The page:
Squalor of autistic son’s attic prison: Shocking image shows rubbish strewn room covered in faeces and vomit where 22-year-old was found ‘close to death’ after being held captive by his mother and stepfather
- Matthew Langley was found locked up in the attic of his mother’s Sheffield home
- His bones were visible through his skin and he was weighing just six stone (39kg)
- Lorna Hewitt and husband Craig Hewitt were found guilty of false imprisonment
- They were also found guilty of allowing a vulnerable adult to suffer physical harm
- South Yorkshire Police released photograph to show conditions inside the room
This shocking image shows the rubbish strewn room, which is covered in faeces and vomit, where an autistic 22-year-old man was held captive by his mother and stepfather.
Matthew Langley, 22, was so malnourished his bones were visible through his skin after being left locked up and neglected by Craig and Lorna Hewitt, 43, for seven months.
The pair were last week found guilty of false imprisonment after Sheffield Crown Court heard Matthew was found severely dehydrated and weighing just six stone (39kg) when he was finally rescued from the vomit and faeces-ridden room.
South Yorkshire Police have now released the grim photograph showing piles of rubbish and soiled items.
It lays bare the shocking squalor that Matthew had been held in by the Hewitts, who kept the door locked.
South Yorkshire Police have released this grim photograph showing the rubbish strewn room, covered in faeces and vomit, where an autistic 22-year-old man was held captive by his mother and stepfather
Lorna Hewitt, 43, and husband Craig, 42, kept her autistic son Matthew Langley, 22, malnourished and locked up in an attic bedroom of their Sheffield home for seven months
The court heard police found faeces and vomit over the floor and bedding, along with buzzing flies, a bad smell and a key on the outside of the door.
The National Autistic Society said the scene was ‘deeply disturbing’.
Jurors heard Matthew was found by paramedics seriously underweight, dehydrated and ‘with his life hanging in the balance’ on June 2, 2020.
Nicholas Campbell QC, prosecuting, told the trial the ambulance service was called to the home in Sheffield, South Yorkshire, in the early hours of June 2, 2020.
Matthew was rushed to a hospital intensive care unit in a ‘pitiable state’ with abrasions indicating he had been moving around on all fours, the prosecutor told the court.
He had suffered damage to a kidney with high sodium levels relating to severe dehydration, it was heard.
Mr Campbell added: ‘His sodium levels were dangerously high. They measured 180. They were so high they could shut down his brain and kill him. Anything above 145, there is a real chance of death.
‘The Home Office pathologist examined the injuries and said the abrasions and bruises were consistent in his view with Matthew having been crawling on all fours over objects in his path.’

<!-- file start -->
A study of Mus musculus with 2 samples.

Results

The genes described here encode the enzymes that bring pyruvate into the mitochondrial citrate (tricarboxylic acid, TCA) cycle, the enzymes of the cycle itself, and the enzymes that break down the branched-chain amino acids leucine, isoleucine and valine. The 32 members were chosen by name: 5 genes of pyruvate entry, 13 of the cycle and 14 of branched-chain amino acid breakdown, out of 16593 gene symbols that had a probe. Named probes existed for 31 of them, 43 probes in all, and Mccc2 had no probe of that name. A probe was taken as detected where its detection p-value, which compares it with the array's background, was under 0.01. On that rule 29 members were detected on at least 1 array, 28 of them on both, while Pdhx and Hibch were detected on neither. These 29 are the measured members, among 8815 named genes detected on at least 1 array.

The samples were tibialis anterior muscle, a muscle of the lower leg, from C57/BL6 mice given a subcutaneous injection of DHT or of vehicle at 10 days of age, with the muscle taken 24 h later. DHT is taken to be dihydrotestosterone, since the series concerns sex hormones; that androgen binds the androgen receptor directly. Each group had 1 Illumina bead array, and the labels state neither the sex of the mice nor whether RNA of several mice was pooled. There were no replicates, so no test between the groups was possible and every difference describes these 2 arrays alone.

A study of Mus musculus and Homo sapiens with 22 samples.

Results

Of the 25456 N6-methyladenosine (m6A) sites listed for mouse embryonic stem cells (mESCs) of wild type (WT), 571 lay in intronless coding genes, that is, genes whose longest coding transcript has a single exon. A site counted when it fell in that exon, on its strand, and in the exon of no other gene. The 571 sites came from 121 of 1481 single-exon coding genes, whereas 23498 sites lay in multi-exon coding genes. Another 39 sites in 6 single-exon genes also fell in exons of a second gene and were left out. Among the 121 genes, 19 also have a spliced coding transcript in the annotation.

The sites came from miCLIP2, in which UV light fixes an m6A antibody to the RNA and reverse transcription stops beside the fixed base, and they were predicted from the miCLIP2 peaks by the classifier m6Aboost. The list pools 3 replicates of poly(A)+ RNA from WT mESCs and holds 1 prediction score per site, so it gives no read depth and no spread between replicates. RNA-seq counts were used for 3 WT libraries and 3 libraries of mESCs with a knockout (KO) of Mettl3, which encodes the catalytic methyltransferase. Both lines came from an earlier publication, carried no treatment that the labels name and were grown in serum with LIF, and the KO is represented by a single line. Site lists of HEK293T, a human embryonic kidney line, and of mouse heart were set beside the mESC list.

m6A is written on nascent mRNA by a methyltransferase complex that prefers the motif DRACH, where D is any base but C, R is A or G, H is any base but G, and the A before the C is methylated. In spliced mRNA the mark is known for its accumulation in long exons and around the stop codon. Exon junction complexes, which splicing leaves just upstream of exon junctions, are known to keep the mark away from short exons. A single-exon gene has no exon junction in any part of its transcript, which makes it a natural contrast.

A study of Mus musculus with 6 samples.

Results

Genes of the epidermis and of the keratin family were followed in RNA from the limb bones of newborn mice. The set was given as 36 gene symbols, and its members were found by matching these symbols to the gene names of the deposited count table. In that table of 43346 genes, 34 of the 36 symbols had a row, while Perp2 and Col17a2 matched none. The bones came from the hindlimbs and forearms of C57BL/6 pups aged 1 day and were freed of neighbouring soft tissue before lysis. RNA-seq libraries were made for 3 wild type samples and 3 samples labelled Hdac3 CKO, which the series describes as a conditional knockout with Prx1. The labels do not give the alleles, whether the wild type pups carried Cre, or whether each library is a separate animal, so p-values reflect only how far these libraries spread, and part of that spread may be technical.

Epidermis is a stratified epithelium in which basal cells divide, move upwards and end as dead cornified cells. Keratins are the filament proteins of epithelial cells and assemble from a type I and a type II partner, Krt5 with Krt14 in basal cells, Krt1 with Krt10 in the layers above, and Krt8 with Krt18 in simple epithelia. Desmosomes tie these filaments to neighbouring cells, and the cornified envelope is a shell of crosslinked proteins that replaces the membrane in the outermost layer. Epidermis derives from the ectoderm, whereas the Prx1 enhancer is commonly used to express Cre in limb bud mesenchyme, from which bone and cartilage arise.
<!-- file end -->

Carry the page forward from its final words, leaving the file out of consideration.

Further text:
Matthew, who also had learning difficulties, suffered from irritable bowel syndrome, double incontinence and arthritis, the court heard.
Seven months before he was found, in November, 2019, weighing 39kg, he had weighed 53.6kg (8st 7lbs), the court heard.
Mr Campbell said Matthew made a good physical recovery thanks to the hard work of medical professionals and when he was discharged from hospital he weighed 55kg.
Craig Hewitt told police his wife Lorna had found Matthew upstairs lying on the floor and he claimed Matthew had been fed and that he ate in his room, the court heard.
He also claimed there had been locks on the internal doors because their home used to be a student accommodation.
Mr Hewitt stated to police that his stepson Matthew had only been locked in at night because he would go downstairs and set off security alarms.
Lorna Hewitt chose to give ‘no comment’ answers to all questions asked by the police, the court heard.
At Sheffield Crown Court last week, the couple were both found guilty of allowing serious injury to a vulnerable adult and false imprisonment. They will be sentenced next month
Mr Hewitt chose not to give evidence during the trial but his wife Lorna told the jury her son stopped having respite stay-overs because he became fed up with going to the care centre.
But Mr Campbell claimed if they had not cancelled the respite care stays he received he would never have ended up in hospital fighting for his life.
Mrs Hewitt said during the end of Matthew’s time at the care home he was not enjoying himself and she assumed he was getting fed up and wanted to come home and he did not want to go out as much.
She also said she had been anxious leaving Matthew alone on a couple of occasions but there were no other times when he was left alone and she tried to make him as safe as she could.
Mr Campbell said the couple had started locking Matthew in his room at night but Mrs Hewitt claimed he had been left downstairs when they went out.
The Hewitts, of Sheffield, South Yorkshire, were also found guilty of causing or allowing a vulnerable adult to suffer serious physical harm.
They are due to be sentenced on February 18.